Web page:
KARACHI: Decisions of far-reaching consequence were taken to meet the sanitary, phyto-sanitary and quarantine requirements for mango exports to the European Union at a meeting summoned by the Ministry of National Food Security & Research (NFS&R) in Islamabad on May 9.
In fact the ban imposed by European Union on the import of mangoes from India until December 2015 has come as a wake-up call for the authorities here.
Taking it as a warning, authorities have stepped up measures to ensure that such a situation is not faced in case pest and fruit flies are found in mangoes exported from Pakistan.
Waheed Ahmed, spokesman, All Pakistan Fruit and Vegetable Exporters, Importers and Merchants Association (PFVA), said the ban on Indian mangoes should not be taken as an opportunity to increase export of Pakistani mangoes to fill in the gap, rather, he said it should be taken as a warning because “we could also meet the same fate if our mangoes are found pest and fruit fly infested.” It should be our endeavour to ensure that our mangoes are healthy and acceptable to stall getting bad name in the EU market. The emphasis should be on quality and not quantity, he said.
The meeting in Islamabad was presided over by Seerat Asghar Jaura, Secretary, NFS&R and attended by exporters, growers, traders and stakeholders. After long deliberations and discussions it was decided that only Department of Plant Protection (DPP) approved farms and pack houses would be allowed to export mangoes without Hot Water Treatment (HWT).
In order to ensure pest and fruit fly free mango farms, Department of Plant Protection has started vigorous monitoring and DPP officials have so far visited 34 farms in Sindh and 36 in Punjab respectively to check that the fruit meets the required standard.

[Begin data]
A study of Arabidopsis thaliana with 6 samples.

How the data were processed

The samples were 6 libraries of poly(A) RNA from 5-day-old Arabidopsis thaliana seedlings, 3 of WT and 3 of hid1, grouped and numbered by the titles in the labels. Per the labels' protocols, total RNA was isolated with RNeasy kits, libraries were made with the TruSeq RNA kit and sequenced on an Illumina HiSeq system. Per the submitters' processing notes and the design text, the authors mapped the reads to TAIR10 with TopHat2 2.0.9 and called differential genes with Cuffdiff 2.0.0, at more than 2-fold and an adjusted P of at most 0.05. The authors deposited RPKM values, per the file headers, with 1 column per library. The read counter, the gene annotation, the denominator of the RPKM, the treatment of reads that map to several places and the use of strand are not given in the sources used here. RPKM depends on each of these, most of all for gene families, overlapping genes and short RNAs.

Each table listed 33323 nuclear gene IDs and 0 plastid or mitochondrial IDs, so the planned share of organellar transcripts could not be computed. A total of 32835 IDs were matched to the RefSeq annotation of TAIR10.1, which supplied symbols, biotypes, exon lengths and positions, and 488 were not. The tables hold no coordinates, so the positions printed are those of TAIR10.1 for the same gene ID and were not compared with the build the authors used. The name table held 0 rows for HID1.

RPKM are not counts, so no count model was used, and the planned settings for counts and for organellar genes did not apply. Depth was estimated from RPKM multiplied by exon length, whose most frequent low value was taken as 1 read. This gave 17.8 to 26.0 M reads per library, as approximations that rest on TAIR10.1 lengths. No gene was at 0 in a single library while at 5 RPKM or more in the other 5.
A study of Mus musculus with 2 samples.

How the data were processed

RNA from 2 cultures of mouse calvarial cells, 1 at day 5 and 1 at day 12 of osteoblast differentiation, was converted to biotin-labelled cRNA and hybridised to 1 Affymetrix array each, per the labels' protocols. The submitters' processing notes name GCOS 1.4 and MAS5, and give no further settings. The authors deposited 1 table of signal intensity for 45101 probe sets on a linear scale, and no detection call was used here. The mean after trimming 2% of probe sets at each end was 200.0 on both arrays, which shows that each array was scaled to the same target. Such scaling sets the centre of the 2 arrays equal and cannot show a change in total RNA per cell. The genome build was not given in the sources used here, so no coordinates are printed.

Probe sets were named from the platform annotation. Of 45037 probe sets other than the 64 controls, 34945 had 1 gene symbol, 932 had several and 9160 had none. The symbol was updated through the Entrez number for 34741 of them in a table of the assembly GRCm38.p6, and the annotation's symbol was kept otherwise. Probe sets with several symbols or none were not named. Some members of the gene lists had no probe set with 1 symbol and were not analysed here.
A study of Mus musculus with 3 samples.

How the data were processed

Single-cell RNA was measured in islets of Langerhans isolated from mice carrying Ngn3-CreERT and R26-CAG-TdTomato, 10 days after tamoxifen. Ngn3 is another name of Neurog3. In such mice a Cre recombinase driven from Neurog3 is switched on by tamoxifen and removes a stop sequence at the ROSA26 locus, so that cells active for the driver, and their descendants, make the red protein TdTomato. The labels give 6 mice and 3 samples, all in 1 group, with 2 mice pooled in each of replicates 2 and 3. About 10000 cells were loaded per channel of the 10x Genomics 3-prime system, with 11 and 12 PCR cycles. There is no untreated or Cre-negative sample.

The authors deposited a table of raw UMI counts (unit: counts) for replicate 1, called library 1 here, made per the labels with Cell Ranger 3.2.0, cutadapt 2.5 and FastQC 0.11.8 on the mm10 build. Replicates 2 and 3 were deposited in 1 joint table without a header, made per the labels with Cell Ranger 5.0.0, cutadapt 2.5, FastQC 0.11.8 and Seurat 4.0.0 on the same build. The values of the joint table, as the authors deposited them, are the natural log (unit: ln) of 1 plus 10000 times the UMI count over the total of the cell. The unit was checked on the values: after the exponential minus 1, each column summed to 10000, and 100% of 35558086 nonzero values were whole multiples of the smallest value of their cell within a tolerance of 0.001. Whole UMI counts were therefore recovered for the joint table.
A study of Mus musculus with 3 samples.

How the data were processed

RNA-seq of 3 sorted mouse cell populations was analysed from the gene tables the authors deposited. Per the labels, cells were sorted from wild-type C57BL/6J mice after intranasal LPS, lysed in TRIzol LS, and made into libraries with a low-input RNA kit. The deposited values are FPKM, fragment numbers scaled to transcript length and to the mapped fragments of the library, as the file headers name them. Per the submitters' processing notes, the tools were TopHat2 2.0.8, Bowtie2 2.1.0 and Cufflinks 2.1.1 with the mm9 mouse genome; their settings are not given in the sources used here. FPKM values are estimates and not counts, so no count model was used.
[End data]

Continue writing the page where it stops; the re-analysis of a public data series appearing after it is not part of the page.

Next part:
Out of the 34 farms visited in Sindh only one was approved and the remaining 33 were given a week’s time to upgrade their farms according to the prescribed quarantine standard. The approval of these farms would depend if these are found pest free and are up to the mark after one week.
Similarly, out of the 36 farms visited in Punjab, 12 were approved and 19 were asked to adopt Standard operating Procedure (SoP) whereas five were rejected.
It was discussed in the meeting that the charges for HWT would be brought down to Rs 10 per kg from Rs 13 per kg.
Waheed Ahmed suggested that packaging of mangoes should be restricted to 2, 3, 4, and 5kg box instead of the present one and a half, 2, 3, and three and a half-kg box.
He said that an awareness seminar will be held in Multan on May 24, on the lines held recently in Hyderabad to educate stakeholders on the latest sanitary and phyto-sanitary requirements of European Union. The seminar will be attended by growers, exporters, traders and merchants. Main emphasis would on educating the participants inherent in diseased mangoes and benefits of pest and fruit fly free mangoes.